Why Is API Versioning In The Path Still The Dominant Pattern?

API versioning is almost always one of the top attended discussions at conferences I help organize, and one of the first questions I get in the QA sessions at workshops I conduct. People want to understand the “right way” to version, when it my experience there is rarely ever a “right way” to version your APIs. There are commonly held practices regarding sensible ways to version your APIs, as well as dominant patterns for how you version APIs, but there isn’t any 100% solid answer to the question, despite what many folks might say.

In my experience, the most commonly held approach to properly versioning your APIs (if you are going to), is to put the major and minor version in your header and / or combine it with content-type negotiation via your header. However, even with this knowledge being widely held, the most dominant pattern for versioning your APIs is sticking it in the URL of your API. I know many API providers who put the version in the header, despite many on their team fully being aware that it is something that should be put in the header. So, why is this? Why do people still do it the “wrong way”, even though then know how to do it the “right way”?

I feel like this phenomenon reflects the wider API space, and how upside down many API belief systems are. People put the version in the URL because it is easier for them, and it is easier for their developers to understand. While headers are a native aspect of developing using the web, they are still very foreign and unknown to most developers. While this shows the lack of web literacy that is rampant amongst developers, it also demonstrates why simple web APIs have dominated the landscape–they are easy for a wide segment of developers to understand. An aspect of why this whole API thing has worked that many technologists overlook, and take for granted as they try to push the next trend or solution on the sector.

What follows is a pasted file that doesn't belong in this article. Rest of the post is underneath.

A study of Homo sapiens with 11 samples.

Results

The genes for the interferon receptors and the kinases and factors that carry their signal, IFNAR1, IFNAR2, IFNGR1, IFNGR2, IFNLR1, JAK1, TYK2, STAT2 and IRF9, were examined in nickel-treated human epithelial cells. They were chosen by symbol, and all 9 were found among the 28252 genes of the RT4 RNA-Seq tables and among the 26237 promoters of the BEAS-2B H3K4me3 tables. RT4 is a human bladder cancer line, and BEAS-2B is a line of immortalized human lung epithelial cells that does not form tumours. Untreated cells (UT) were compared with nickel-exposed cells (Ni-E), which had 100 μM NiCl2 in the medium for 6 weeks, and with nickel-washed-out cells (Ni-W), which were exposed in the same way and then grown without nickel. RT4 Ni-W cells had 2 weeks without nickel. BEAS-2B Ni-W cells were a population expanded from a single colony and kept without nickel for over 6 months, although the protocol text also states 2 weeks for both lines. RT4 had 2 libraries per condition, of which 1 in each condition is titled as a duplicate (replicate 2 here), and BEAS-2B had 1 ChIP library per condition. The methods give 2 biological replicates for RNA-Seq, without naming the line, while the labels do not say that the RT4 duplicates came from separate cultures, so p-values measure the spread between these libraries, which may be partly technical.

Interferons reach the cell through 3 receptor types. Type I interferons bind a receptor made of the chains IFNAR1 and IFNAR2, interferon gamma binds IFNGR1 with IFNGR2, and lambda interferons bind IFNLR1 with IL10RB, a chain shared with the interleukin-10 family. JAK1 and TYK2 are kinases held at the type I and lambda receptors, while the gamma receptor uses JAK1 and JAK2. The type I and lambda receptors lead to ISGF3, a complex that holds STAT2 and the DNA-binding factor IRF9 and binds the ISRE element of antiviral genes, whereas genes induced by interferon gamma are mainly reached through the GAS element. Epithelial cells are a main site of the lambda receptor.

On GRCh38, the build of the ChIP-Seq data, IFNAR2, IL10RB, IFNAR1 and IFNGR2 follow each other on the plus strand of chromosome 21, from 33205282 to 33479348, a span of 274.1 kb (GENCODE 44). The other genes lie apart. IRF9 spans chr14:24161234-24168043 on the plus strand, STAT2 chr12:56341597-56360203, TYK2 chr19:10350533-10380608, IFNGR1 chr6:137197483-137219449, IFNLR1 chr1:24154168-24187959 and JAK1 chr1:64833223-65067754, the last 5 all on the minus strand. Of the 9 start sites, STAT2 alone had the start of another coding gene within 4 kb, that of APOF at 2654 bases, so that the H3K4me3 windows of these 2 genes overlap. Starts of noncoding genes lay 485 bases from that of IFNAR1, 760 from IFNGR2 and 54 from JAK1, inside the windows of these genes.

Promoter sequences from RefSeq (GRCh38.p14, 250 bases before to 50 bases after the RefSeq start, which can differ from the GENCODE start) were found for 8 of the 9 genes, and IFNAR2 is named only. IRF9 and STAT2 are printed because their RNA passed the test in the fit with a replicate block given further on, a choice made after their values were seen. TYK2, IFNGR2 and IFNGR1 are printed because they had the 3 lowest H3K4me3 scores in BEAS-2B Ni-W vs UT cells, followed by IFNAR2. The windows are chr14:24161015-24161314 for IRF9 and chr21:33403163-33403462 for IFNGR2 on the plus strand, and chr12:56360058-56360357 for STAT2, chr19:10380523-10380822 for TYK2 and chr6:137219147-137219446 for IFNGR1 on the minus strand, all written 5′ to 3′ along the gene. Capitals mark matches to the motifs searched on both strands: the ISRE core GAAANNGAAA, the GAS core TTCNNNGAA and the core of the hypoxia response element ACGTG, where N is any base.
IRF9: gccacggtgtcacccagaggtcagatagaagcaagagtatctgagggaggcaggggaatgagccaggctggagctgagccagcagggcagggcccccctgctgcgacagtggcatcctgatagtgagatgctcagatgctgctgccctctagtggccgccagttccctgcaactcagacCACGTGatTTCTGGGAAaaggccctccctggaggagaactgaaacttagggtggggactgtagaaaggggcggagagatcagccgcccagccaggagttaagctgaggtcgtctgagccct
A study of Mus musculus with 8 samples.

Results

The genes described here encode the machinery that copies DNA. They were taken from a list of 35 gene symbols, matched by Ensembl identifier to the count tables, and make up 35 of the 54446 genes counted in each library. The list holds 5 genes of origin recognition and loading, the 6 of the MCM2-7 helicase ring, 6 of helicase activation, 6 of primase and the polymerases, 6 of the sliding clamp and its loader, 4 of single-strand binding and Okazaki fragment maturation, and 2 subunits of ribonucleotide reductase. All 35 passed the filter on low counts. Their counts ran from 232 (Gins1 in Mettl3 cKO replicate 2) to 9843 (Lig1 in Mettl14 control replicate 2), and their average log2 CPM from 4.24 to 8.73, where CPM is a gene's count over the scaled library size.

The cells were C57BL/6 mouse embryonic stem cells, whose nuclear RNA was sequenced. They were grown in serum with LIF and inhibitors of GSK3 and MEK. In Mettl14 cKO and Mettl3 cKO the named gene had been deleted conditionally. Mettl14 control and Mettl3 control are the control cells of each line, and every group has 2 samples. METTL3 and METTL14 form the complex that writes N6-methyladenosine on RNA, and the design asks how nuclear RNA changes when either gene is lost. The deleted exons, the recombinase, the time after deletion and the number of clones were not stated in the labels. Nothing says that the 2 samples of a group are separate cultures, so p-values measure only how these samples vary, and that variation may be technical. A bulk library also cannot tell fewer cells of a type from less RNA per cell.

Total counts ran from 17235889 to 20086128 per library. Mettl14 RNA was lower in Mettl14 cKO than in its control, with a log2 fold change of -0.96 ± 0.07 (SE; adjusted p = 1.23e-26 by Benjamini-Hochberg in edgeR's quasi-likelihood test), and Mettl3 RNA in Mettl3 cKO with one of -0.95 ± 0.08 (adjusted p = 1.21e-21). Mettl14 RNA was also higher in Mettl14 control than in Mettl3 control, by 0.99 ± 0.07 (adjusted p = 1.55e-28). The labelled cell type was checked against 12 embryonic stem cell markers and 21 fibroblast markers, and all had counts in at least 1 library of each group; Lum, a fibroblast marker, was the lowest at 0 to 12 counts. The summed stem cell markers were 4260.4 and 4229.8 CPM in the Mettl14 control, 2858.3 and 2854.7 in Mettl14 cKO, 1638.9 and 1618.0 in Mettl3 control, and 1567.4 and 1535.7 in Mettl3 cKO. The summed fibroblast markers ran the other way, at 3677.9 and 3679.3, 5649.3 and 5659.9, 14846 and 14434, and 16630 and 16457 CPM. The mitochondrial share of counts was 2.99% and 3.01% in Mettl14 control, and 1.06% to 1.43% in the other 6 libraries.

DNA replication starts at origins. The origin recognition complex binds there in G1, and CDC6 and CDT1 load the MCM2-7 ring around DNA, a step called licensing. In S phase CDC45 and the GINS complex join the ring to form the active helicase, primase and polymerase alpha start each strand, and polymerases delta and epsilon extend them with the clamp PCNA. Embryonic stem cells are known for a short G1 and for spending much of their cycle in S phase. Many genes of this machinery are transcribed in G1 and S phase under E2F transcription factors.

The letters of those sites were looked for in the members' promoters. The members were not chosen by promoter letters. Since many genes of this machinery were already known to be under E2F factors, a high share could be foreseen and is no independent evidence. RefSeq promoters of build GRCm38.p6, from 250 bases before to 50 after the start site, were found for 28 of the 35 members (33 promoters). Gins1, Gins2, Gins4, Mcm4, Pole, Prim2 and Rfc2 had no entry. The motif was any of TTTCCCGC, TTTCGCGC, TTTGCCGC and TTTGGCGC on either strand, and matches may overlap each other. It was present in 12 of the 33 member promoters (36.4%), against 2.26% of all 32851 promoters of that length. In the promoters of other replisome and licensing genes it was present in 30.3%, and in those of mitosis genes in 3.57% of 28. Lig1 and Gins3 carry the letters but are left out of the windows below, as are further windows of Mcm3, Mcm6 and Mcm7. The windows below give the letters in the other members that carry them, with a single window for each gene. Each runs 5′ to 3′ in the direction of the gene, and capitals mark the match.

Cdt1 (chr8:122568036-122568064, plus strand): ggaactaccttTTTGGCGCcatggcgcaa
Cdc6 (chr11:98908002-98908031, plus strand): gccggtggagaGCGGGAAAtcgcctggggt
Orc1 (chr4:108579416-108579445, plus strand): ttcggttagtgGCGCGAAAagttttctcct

While conducting workshops, I always teach the more sensible patterns around versioning, but I can’t always sell them as the “right way”. Because I don’t see a “right way”. I see people trying to get a job done, and reach a wide audience. I see people trying to keep things simple for their developers, and taking the path of least resistance. I see a whole lot of web literacy education that needs to occur across the tech sectors and in school. I just don’t see any perfect answer to the API versioning debate. I see a whole lot of interesting and useful patterns, and I see people doing the best they can with what they have. Reflecting why APIs work so well, because they are scrappy, often times simple, and allow people to get business done on the web using low cost, easy to understand approaches to making resources available.